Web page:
Disclaimer: I, in no way, shape or form, profess to be a technical expert. This post comes purely from the school of hard knocks and because I care about you.
There are multiple reasons that I spend a lot of time on social media. Mostly, because it helps me stay connected to friends I have made from my global adventures but also because I need it for my work.
There are a few things that I routinely do or pay close attention to that, to me, seem like no brainers. But when I scroll through my social media feeds, it is clear that others don’t feel the same way. I wonder if they know and just don’t care or if they just don’t know.
Because I care and because I may or may not be slightly OCD, here is my PSA for you with some easy ways you can protect yourself online. This is not comprehensive by any stretch. We all know how rapidly the game changes out there. It’s impossible to keep up.
Check your settings often! Facebook likes to keep us on our toes if you haven’t noticed.
Something that could be very helpful is to go into your settings, click on “timeline and tagging” and then click on “view as”. This allows you to see what the public can see when they click on your profile. You can then decide if you want to change anything.
Facebook keeps the last setting you used. Sometimes I post something as public and then I need to make sure I set it back to friends. I’m a real freak about my posts and the privacy of my kids and my information.
I know you’re excited to share about your new passport or your child’s new driving accomplishment but unless you know enough about editing to blur out the important information, NEVER post pics of documents with personal identification. Not even if your account is private. There is such a thing called a “screen shot”. Don’t be lulled into security by the social media snake charmer of a “private group”, “closed group” or a “friends only” setting.
NOTHING on the internet is EVER private.
Don’t friend anyone you don’t know. I have public pages for my blogs that anyone can follow (unless I block them – see below) but my private Facebook is just that, private.
Pay attention to the sharing setting of posts you comment on. If you comment on a public post, understand that your comment will be public as well.
Along those lines, when you share someone’s public post, you are opening up your profile and the profiles of your friends (depending on your settings) to the person who originated that post. Ask yourself if you know the originator. If not, think carefully about sharing.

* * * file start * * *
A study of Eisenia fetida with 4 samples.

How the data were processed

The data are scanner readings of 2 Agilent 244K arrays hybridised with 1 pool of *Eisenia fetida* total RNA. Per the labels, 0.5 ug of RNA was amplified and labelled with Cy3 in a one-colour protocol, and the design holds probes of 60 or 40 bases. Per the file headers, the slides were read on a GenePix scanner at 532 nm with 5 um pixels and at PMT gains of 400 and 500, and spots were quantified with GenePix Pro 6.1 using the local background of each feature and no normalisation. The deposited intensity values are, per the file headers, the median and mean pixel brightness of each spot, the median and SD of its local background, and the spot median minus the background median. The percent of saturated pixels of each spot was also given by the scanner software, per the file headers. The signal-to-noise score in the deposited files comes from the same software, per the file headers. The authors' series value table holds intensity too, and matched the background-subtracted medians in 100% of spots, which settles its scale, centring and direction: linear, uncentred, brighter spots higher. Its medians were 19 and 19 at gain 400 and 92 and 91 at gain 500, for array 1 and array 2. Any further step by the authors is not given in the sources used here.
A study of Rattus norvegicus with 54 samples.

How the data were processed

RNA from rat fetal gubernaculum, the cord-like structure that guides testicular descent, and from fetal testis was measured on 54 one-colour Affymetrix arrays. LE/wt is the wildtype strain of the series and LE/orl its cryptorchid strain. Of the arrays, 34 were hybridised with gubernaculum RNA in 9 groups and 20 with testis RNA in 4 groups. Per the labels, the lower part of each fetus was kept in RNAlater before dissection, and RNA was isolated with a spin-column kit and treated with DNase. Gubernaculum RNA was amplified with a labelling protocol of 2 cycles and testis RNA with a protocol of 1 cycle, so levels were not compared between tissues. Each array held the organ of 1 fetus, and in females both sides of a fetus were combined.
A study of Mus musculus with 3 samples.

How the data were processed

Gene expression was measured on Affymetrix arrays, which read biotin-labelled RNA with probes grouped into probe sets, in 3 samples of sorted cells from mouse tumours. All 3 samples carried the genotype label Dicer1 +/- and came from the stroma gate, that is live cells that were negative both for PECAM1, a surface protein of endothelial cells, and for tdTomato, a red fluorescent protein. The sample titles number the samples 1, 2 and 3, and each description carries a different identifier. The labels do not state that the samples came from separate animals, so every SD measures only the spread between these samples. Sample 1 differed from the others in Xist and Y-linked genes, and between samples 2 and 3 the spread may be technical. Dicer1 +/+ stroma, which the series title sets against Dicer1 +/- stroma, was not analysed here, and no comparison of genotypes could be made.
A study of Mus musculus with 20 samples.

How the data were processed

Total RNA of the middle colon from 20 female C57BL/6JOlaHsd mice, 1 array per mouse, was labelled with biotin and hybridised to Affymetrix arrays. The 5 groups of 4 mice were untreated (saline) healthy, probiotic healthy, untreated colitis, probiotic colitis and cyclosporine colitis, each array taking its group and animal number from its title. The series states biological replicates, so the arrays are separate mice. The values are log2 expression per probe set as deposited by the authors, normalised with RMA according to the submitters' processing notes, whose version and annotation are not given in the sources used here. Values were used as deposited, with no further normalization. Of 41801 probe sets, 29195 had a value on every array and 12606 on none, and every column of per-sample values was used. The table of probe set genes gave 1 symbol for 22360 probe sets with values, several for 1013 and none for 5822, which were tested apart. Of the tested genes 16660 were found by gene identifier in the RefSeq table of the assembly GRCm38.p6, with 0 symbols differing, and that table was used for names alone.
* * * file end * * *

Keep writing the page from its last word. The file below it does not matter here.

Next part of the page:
CHANGE OLD PROFILE AND COVER PHOTOS to be seen by “friends’ only. The only ones that are required to stay public are the ones you currently have on your profile.
Instagram (IG) & Twitter
IG and Twitter set out to have a more public purpose. This is good in that it’s a “known” factor. It’s bad in that it takes intense diligence to monitor your accounts.
Consider creating separate accounts for personal and public use.
Check your privacy settings. We don’t have as much control over IG and Twitter privacy as we do Facebook. Control who follows you and you can control who you follow.
Block the weirdos! When a man asks to follow you and you look at his profile to find he ONLY follows women? Yeah, don’t even think twice about it. No shame. No guilt. Block him!
Let’s talk HASHTAGS. I have a love/hate relationship with these little boogers. Please be fully aware that when you use a hashtag on a public post, you are linking yourself, your pictures and information to everyone else who has used that hashtag. Go check out the hashtag you use to see what/who is “in the room” with you. There are some real creeps out there, y’all!
As I mentioned earlier, nothing online is safe. I do believe, however, the benefits of technology to be mostly good. It is true that we can’t protect ourselves from everything and everyone out there in internet land. My best tip is to stay educated and be alert. Be diligent to do all you can to protect yourself and your information.
What are your best tips for online security?
Andrea Stunz is a committed wife, an incredibly blessed mom, a grateful mother-in-law and a ridiculously proud Gimi. She is a seasoned traveler from south Texas. Having visited countries all over the globe and lived in Brazil, Singapore and the UK, she finds hope and comfort in a beautiful sunrise and a good cup of coffee. Andrea is a self-proclaimed stumbling pilgrim who is ever so grateful for grace. She longs to encourage others in their stories by sharing a part of hers because “a story worth living is a story worth sharing”. Find more of her work over at www.emptyplatefullheart.com and www.notherhood.com.
See more of her contributions for allmomdoes here.